Recapping the Inaugural Baltimore Grand Prix
The first thing is the sound.
The moment I stepped off of the Light Rail Sunday afternoon I felt it. Felt — not just heard. It isn’t like any other sound if, as was my case, you’ve never been to a live race before. It’s loud, sure, but that’s not the thing. It envelops you.
I crossed a bridge over the track — with cars from the Indy Lights series running below — and headed to the race grounds near the Convention Center and Eutaw Street. There I found food, drink, merchandise trailers, stages for entertainment, and general mingling. It was weird to see such a normally traffic-choked area of downtown cordoned off for a festival scene. Weird, but good.
And that may be the best way to describe the whole of the Baltimore Grand Prix experience: weird but good, where “weird” in this case is not at all a bad thing. “Weird” meaning different, unexpected, and surprising.
So many people in attendance. Way more than I thought I’d see. And all different kinds, as well. I saw young and old, white and black and brown, male and female. Plenty of each. Mst importantly, they all seemed to be having a genuinely good time. I didn’t see any fights or any standoffs. I didn’t really see anything negative. It was like a classic Baltimore street festival writ large, albeit with far more corporate sponsorship.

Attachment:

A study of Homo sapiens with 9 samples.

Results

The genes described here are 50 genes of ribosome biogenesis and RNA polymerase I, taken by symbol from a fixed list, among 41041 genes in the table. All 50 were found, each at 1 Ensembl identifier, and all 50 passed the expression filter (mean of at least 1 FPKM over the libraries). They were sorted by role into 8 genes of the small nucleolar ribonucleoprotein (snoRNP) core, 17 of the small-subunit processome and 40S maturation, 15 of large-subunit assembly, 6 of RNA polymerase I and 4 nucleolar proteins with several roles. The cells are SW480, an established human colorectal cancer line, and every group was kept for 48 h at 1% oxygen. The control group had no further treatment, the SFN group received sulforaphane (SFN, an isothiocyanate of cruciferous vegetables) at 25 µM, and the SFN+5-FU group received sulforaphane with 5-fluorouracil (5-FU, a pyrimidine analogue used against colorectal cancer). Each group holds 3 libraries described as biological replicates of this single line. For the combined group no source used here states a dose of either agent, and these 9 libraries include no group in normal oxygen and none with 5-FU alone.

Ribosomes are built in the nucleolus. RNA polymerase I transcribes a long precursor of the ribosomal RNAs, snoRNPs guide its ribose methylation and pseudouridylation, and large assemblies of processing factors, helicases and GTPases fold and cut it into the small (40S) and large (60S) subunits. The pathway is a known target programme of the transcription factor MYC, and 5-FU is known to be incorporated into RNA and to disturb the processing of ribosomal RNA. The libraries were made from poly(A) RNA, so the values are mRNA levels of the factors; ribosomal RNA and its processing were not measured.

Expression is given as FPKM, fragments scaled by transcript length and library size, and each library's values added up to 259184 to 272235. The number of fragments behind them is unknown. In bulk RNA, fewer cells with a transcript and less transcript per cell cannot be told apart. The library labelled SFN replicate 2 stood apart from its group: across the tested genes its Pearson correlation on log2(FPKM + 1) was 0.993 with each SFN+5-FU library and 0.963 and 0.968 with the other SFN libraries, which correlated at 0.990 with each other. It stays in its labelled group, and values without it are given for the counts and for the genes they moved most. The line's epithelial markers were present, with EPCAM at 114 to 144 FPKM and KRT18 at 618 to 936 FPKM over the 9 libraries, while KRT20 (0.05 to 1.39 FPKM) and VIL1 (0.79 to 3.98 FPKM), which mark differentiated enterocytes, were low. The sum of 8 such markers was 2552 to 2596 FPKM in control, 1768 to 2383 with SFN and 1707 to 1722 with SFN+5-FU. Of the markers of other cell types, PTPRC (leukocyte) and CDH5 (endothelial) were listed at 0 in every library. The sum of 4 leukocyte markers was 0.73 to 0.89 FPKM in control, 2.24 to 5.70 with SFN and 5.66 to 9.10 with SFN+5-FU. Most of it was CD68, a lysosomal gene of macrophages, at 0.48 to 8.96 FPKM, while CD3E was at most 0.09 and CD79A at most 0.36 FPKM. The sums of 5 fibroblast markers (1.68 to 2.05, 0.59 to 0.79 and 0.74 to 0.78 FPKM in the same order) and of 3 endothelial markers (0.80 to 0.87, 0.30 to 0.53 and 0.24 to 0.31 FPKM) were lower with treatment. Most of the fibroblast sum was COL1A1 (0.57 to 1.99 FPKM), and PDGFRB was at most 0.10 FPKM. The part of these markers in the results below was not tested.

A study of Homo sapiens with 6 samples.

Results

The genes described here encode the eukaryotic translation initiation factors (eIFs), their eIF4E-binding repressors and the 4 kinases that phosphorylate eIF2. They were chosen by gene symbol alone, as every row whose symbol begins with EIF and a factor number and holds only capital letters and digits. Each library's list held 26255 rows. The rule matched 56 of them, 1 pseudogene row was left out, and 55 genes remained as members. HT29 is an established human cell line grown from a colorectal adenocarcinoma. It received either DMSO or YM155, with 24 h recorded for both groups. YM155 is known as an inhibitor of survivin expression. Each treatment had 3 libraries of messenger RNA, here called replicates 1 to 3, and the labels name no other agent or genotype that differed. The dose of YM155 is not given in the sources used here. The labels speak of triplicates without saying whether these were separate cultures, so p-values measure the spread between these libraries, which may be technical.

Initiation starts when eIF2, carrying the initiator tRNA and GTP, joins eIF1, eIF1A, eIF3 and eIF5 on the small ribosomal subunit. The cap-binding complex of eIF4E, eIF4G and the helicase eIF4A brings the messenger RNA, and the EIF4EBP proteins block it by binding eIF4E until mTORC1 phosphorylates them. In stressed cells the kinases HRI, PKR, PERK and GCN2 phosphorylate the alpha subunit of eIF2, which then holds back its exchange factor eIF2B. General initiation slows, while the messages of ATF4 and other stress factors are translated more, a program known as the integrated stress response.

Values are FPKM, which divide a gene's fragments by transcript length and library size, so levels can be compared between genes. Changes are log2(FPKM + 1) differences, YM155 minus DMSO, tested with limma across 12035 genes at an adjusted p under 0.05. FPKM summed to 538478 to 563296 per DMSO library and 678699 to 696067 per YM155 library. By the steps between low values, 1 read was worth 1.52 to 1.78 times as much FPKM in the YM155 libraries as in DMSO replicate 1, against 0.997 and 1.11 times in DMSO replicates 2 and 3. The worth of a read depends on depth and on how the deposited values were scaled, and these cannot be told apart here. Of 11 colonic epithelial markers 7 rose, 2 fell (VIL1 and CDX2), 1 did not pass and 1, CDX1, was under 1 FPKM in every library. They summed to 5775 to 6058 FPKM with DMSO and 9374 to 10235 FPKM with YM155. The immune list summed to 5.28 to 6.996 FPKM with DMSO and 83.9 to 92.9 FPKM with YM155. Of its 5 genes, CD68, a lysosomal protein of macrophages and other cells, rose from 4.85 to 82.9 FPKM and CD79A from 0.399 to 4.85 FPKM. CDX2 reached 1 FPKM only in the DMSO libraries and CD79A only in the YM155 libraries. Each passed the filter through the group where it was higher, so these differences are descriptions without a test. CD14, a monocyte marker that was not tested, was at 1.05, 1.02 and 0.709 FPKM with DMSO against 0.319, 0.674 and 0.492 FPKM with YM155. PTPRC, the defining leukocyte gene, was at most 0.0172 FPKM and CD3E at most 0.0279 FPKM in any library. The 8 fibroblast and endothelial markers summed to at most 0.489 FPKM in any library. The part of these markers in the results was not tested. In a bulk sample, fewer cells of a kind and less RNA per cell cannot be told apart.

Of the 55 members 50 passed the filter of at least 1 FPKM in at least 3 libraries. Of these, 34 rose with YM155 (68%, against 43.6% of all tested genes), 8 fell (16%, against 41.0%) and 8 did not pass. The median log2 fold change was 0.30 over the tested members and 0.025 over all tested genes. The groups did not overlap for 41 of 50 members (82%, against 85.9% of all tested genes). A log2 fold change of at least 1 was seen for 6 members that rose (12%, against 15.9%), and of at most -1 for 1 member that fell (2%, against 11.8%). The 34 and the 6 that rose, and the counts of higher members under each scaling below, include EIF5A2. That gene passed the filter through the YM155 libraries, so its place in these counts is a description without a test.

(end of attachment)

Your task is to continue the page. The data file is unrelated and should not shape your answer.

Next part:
So much ink — both digital and actual — was spent over the past few months debating whether or not this event was “good” for the city. Whether or not the money spent to host it was worthwhile in light of this city’s many needs and whether or not the inconvenience of closing the roads was worth it. This being an election year, plenty of folks lined up to take sides.
I can only say this: having been there, amongst the crowd, this was definitely a good thing.
I’m not alone in that assessment. John Oreovicz at ESPN gushed about the event, concluding that:
For three decades, street races from the Meadowlands to Miami have been jockeying to call themselves the “Long Beach of the East.”
And in the Baltimore Grand Prix, it looks like INDYCAR finally found one that deserves that crown.
Whether or not the BGP ends up being a long-term Baltimore tradition remains an open question. We don’t even definitively know if it will return next year. I hope it does.
(Note: the video above is admittedly nothing special but I think it provides at least a little bit of a window into the feeling of “being there” for folks who couldn’t be. Turn up your speakers for maximum impact.)